The Philippines is set on maintaining "good neighbourly relations" with Beijing, even as experts warn that China may start building in three years an island fortress just off the main Philippine island of Luzon.
In a statement marking the first year since an arbitration tribunal dismissed China's claims to nearly all of the South China Sea, Foreign Secretary Alan Cayetano said yesterday the Philippines "shall remain an enemy to none and a friend to all".
He described President Rodrigo Duterte's foreign policy, marked by a pivot to China, as a "game changer".
An arbitral tribunal in The Hague on July 12 last year handed the Philippines a sweeping victory in a case it filed challenging China's expansive claims to the South China Sea. But the ruling was gradually set aside by Manila as Mr Duterte wooed China.
Mr Cayetano said the Philippines has since regained access to fishing grounds around the disputed Scarborough Shoal, and received from China over US$30 billion (S$41 billion) in investment pledges and thousands of firearms to fight terrorists. He added that warming ties with China had allowed Asean to revive long-stalled talks on a "code of conduct" meant to avoid conflicts in the South China Sea.
But former national security adviser Roilo Golez warned that the Philippines' acquiescence was encouraging China to push through with plans to transform Scarborough Shoal, 230km west of the Philippines' coastline, into a "huge military complex" disguised as a fishing sanctuary and tourist spot.
AN ENEMY TO NONE, A FRIEND TO ALL
The Philippines shall remain an enemy to none and a friend to all in its pursuit of economic and political benefits for the country, including long-term security and stability in the region.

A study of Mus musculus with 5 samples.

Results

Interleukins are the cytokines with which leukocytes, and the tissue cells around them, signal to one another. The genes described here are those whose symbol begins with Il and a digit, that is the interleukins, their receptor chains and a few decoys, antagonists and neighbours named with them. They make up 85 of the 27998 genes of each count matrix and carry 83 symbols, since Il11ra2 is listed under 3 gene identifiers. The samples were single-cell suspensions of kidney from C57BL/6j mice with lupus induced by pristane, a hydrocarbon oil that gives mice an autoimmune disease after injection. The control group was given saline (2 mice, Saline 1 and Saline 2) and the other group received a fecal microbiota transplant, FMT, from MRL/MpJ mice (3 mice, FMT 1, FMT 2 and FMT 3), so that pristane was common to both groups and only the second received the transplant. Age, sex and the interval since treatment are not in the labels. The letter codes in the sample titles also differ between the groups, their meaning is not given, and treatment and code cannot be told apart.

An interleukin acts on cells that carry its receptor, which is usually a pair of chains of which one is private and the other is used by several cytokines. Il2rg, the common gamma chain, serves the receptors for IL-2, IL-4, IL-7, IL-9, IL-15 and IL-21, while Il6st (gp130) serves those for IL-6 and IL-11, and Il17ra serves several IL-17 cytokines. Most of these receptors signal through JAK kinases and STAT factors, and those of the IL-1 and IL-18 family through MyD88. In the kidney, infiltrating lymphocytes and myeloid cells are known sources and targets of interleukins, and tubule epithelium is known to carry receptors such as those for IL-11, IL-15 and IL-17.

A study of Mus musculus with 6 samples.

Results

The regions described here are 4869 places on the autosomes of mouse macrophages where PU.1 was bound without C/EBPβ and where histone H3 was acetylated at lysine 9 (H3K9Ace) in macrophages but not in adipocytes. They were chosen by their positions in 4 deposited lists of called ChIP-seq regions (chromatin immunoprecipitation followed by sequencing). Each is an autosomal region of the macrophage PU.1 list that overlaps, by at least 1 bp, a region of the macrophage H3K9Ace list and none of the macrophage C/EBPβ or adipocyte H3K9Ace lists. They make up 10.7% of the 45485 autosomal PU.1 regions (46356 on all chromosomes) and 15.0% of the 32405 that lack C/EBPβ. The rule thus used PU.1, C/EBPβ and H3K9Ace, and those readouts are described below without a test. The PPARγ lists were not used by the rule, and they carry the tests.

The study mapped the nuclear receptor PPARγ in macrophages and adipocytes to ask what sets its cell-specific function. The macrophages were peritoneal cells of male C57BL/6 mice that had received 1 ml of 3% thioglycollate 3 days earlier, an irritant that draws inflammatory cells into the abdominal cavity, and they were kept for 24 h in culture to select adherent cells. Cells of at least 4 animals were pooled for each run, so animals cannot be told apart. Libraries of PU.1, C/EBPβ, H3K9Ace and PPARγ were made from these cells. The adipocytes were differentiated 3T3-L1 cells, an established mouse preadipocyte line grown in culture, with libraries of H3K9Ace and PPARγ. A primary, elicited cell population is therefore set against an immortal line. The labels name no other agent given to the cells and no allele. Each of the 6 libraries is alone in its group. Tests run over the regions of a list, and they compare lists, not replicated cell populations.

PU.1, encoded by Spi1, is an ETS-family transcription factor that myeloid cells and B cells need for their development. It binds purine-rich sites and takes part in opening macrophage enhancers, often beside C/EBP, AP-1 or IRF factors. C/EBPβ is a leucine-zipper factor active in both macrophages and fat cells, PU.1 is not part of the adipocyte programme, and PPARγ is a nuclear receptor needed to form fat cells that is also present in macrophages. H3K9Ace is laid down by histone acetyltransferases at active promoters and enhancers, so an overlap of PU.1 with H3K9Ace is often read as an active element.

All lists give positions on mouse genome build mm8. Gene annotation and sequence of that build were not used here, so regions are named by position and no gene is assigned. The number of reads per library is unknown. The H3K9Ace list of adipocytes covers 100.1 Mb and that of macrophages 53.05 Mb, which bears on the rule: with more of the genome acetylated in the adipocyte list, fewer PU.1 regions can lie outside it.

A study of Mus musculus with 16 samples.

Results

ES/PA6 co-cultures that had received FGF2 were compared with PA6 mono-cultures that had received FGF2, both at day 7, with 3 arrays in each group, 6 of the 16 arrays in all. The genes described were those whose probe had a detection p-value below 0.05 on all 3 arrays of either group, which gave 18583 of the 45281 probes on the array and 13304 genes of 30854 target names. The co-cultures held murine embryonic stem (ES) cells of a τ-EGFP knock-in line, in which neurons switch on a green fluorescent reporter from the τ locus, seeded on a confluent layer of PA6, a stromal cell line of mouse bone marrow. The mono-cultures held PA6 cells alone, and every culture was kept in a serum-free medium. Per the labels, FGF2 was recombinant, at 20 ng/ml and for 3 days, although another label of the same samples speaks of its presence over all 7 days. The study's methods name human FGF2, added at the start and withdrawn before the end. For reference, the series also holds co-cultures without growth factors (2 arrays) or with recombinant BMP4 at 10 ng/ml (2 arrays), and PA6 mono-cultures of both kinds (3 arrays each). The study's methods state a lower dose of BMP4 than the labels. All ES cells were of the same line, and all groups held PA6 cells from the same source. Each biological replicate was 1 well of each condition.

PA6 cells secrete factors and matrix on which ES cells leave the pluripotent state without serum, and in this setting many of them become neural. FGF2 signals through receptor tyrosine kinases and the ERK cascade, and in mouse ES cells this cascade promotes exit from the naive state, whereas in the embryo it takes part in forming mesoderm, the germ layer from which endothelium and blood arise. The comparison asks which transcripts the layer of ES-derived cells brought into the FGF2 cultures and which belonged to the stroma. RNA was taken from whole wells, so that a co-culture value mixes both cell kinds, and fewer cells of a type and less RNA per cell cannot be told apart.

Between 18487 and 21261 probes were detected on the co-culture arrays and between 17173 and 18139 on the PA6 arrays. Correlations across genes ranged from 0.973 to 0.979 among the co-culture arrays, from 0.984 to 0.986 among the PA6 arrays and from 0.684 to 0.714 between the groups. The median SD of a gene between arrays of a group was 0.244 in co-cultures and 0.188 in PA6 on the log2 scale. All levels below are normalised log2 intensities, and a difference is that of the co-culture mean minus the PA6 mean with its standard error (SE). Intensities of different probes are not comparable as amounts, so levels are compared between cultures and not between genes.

PHILIPPINE FOREIGN SECRETARY ALAN CAYETANO
He said this could happen in three years, when China's second aircraft carrier was scheduled to go into service, and when the islands China had built over three reefs in the Spratly island chain - Mischief, Fiery Cross and Subi - would begin functioning as military bases.
But Mr Jose Antonio Custodio, a defence analyst and military historian, said three years might be optimistic; he did not expect a Chinese carrier group to become effective for at least five years.
China seized Scarborough from the Philippines following a two-month military stand-off in 2012. The outcrop saw skirmishes between the Chinese Coast Guard and Filipino fishermen who consider waters around it as their traditional fishing grounds.
But with Mr Duterte's pivot, China has allowed Filipinos to fish in waters around Scarborough since late last year.
In March, Defence Secretary Delfin Lorenzana said China was already set to build on Scarborough last year, but the United States was able to stop the works.
The Obama administration considered reclamation at Scarborough as a red line; a base there would allow China to encroach into a second island chain closer to US military bases in Guam and Hawaii.
Some analysts said a fortification on Scarborough - along with island bases in the Paracels near Vietnam and the Spratlys - would also complete a "triangle" that would allow China to exercise full control over two-thirds of the South China Sea.
Meanwhile, a senior military planner said it was possible the US might allow China to build on Scarborough, as the strategic value of having island bases in the South China Sea might have been overstated.
He said: "In case of a conflict, the US knows it can easily overrun or destroy those bases. I don't know what thinking went into having military bases in the middle of the ocean that satellites can easily see."